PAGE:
Villa Malaparte, Part Legend and Part Cinema
Home of Curzio Malaparte
Seen from above, Villa Malaparte is truly breathtaking. You come across it suddenly, along the Pizzolungo trail between the Tragara scenic overlook and the Arco Naturale natural stone archway: an imposing brick red structure jutting out from the rugged cliffs of Punta Massullo, surrounded by the lush Mediterranean countryside and overlooking the shimmering blue sea.
The villa is an example of rationalist Italian architecture and, though attributed to architect Adalberto Libera, is the work of Curzio Malaparte, writer, intellectual, journalist, and poet, who for years lived in this magnificent residence perched on the rocky coast of Capri.
"The day I began building my home, I didn't think I would be creating a self-portrait", Curzio Malaparte said when writing about his beloved villa, which he liked to define "a house like me".
As introspective and multi-faceted as the author himself, Villa Malaparte is full of hidden meanings, symbolism, and metaphors which reveal the inner workings of Curzio Malaparte's mind and character, and also his life story, which was deeply influenced by the war.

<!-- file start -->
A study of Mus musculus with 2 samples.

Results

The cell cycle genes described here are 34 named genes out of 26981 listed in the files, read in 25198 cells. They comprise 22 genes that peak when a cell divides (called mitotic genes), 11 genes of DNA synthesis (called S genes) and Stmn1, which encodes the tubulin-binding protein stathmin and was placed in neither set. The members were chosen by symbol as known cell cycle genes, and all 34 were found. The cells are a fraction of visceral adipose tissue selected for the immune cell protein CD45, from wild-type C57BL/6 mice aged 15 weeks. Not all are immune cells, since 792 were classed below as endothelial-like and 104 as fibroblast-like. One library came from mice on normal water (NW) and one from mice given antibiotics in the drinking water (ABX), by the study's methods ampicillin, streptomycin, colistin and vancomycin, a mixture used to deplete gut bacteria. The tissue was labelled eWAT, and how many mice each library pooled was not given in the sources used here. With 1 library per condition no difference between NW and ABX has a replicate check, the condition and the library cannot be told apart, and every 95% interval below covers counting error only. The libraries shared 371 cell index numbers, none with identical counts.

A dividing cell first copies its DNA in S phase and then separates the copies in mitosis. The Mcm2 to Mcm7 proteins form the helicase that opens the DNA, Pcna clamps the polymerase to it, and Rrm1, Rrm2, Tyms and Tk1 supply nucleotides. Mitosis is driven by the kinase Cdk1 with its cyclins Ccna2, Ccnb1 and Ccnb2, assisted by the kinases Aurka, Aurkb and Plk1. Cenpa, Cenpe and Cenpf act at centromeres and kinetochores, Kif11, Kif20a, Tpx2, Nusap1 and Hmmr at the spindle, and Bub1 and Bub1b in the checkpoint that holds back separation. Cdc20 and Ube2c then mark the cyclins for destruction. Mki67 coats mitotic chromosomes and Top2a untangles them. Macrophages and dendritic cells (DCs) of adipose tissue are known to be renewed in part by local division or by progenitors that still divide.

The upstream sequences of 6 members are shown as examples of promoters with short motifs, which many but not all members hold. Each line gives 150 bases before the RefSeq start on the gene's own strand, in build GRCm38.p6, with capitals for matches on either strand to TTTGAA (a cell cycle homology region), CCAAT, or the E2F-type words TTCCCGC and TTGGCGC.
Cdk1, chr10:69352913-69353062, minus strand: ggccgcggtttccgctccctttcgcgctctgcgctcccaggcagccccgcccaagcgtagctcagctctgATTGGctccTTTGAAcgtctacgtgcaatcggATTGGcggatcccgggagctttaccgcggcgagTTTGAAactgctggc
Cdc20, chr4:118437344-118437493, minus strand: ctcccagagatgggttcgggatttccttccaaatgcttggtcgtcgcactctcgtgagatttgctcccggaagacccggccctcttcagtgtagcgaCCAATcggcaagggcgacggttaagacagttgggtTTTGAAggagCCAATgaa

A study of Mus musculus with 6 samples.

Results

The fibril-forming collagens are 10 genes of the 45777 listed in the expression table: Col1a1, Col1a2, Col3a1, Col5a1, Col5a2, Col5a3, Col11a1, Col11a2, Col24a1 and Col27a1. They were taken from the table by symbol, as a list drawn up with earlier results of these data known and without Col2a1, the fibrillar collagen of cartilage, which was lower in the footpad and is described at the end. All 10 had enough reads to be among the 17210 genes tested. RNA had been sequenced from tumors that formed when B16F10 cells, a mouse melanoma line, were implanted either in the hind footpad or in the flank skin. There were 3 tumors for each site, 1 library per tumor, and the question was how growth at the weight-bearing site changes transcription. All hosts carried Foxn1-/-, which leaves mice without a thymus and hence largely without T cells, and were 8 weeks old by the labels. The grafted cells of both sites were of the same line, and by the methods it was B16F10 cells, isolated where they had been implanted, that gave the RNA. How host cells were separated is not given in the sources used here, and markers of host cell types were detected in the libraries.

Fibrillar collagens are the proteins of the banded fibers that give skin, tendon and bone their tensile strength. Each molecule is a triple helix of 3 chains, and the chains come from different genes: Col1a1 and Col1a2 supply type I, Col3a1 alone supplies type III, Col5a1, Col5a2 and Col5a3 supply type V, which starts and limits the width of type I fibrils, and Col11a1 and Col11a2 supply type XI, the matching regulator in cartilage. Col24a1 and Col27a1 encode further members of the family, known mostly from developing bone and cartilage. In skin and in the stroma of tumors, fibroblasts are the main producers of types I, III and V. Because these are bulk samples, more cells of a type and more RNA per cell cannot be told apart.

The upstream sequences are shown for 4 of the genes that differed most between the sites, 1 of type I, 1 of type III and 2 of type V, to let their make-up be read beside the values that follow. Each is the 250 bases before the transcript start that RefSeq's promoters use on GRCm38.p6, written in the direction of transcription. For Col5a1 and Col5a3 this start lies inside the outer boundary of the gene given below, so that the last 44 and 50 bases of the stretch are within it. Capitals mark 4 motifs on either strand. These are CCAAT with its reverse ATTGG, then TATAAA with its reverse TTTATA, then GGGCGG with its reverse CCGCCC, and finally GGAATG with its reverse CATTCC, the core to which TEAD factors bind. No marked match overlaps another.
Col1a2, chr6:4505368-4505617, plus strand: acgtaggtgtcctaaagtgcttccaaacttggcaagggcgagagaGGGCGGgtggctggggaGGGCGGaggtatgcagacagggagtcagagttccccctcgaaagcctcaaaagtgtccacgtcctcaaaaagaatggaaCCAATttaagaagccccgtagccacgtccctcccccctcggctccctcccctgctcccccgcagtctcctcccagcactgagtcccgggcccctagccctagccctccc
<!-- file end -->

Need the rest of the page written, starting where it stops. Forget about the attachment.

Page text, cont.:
Indeed, the villa could be seen as the symbol of the prison from which, Malaparte wrote, "intelligent, cultured, and civil men attempt to free themselves through learning, culture, and poetry". Or the minimalist architectural style can be seen to recall the forms of the hammer and sickle, symbolizing his familiarity with Russian culture at the time. The almost monastic simplicity of the facades, internal spaces, and decor reflect, instead, the writer's profound religious faith.
The draw of Villa Malaparte is primarily its blend of nature and archecture, an unusual and perfect balance. The beauty of this unique place wasn't lost on director Jean-Luc Godard, who filmed Contempt, with Michel Piccoli and Frinz Lang and based on the novel by Moravia, inside the villa with the still very young Brigitte Bardot, whose scenes wandering the rooms and the terrace only added to the legend of her beauty.
Today Villa Malaparte is home to the writer's descendents, and is a private villa closed to the public. That said, it is one of the most beautiful sights on Capri and can be admired along one of the island's most scenic walking paths.